These are the symptoms of Cushing’s disease that I missed
I thought I was going crazy, until I learned about Cushing’s disease
When I first started to experience Cushing’s disease, I had no idea what was happening to my body. Doctors blamed my symptoms on depression, anxiety, polycystic ovary syndrome, eating issues, and more. I thought I was going crazy, until I finally learned about Cushing’s disease.
After that, it felt like something had finally clicked in my head. Finally, a word existed to describe what I’d been experiencing.
Still, I wasn’t aware of the many issues that Cushing’s disease had been causing until it was too late. Had I known more about Cushing’s disease symptoms, I might have caught on sooner, or at least been able to advocate for myself with a bit more gumption.
At first glance
When you Google Cushing’s disease, a few well-known symptoms pop up. The most common is the buffalo hump, a fatty deposit that appears between the shoulder blades. This was my first symptom, but because it was on my back, it took me over a year to notice it. Only in hindsight and looking back at pictures did I realize just how long I’d had it.
Another common sign of Cushing’s disease is weight gain. I gained 70 pounds with my first tumor, and 50 pounds with my second. Both times, the weight gain was very rapid, happening in less than three months, and most of the weight sat in my center.
The big change that occurred was the markings on my skin. I had thousands of striae, or deep, thick, purple stretch marks, all over my body. They spread over my stomach, breasts, thighs, and arms. I also had thinning skin, which meant I cut and bruised easily.
I was black and blue and purple all over. On top of that, my wounds healed slowly, so I was covered in marks and scars. To this day, even on medication, it takes months longer than it normally would for any cuts or burns to heal. (Don’t even get me started on my piercings. I love them, but oh my God, do they kill me.)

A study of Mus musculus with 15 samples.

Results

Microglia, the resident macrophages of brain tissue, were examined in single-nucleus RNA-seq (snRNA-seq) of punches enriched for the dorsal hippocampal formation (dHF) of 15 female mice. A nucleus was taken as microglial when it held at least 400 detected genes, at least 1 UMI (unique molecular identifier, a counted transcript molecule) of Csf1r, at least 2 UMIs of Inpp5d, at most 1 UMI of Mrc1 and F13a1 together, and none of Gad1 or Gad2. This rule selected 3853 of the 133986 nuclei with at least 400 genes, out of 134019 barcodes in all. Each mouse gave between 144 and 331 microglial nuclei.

With a second look
I faced many issues I didn’t even realize were related to Cushing’s disease until after my diagnosis. My period stopped entirely, and I kept telling myself it was simply because of stress, lack of sleep, or weight gain. Of course, eventually, I realized that my period had disappeared because of my high cortisol levels.
I also had major pain in my arms and legs, as well as extreme weakness. I would wake up screaming, and the only thing that helped was sinking myself into a hot bath and staying there for hours and hours.
At the time, I blamed it on heavy workouts, and even — in hindsight, this seems so silly — on growing pains. (Which makes no sense! I was 22.) It is so easy to talk yourself out of symptoms, especially when doctors are telling you nothing is wrong. It turns out that my muscles were atrophying, and my bones were hollowing out.
I talked myself out of other symptoms, too. Acne was due to my skin-care routine not being advanced enough. Hair loss? That’s normal, I have curly hair! Insomnia? Well, I have been stressed lately.
Today, I know what to look for. That’s one of the reasons I was diagnosed with a recurrence of Cushing’s in just a few months, while the first diagnosis took two years.
I created and participated in multiple chats with other Cushing’s disease survivors, which helped me realize I had been ignoring several symptoms. The first was a change in how I smelled: A change in hormone levels gave off an odor. The second was a problem with vision. I thought these were exclusively due to the tumor, but in reality, hormones were affecting my vision as well. I have blurry vision, static vision, floaters, and halos to this day, even while being treated.
Lastly is the emotional aspect of Cushing’s disease: the anger, depression, emotional outbursts, and extreme sadness. I did everything to fix this, including therapy, meditation, isolation, cognitive behavior research, etc. The only thing that made me feel better was treatment.
Cushing’s disease was a lonely process for me, and I’ve dedicated a lot of my life to making sure that it is less lonely for others who are suffering from the disease. There are so many little and avoidable symptoms, but they can all add up to a gnarly disease.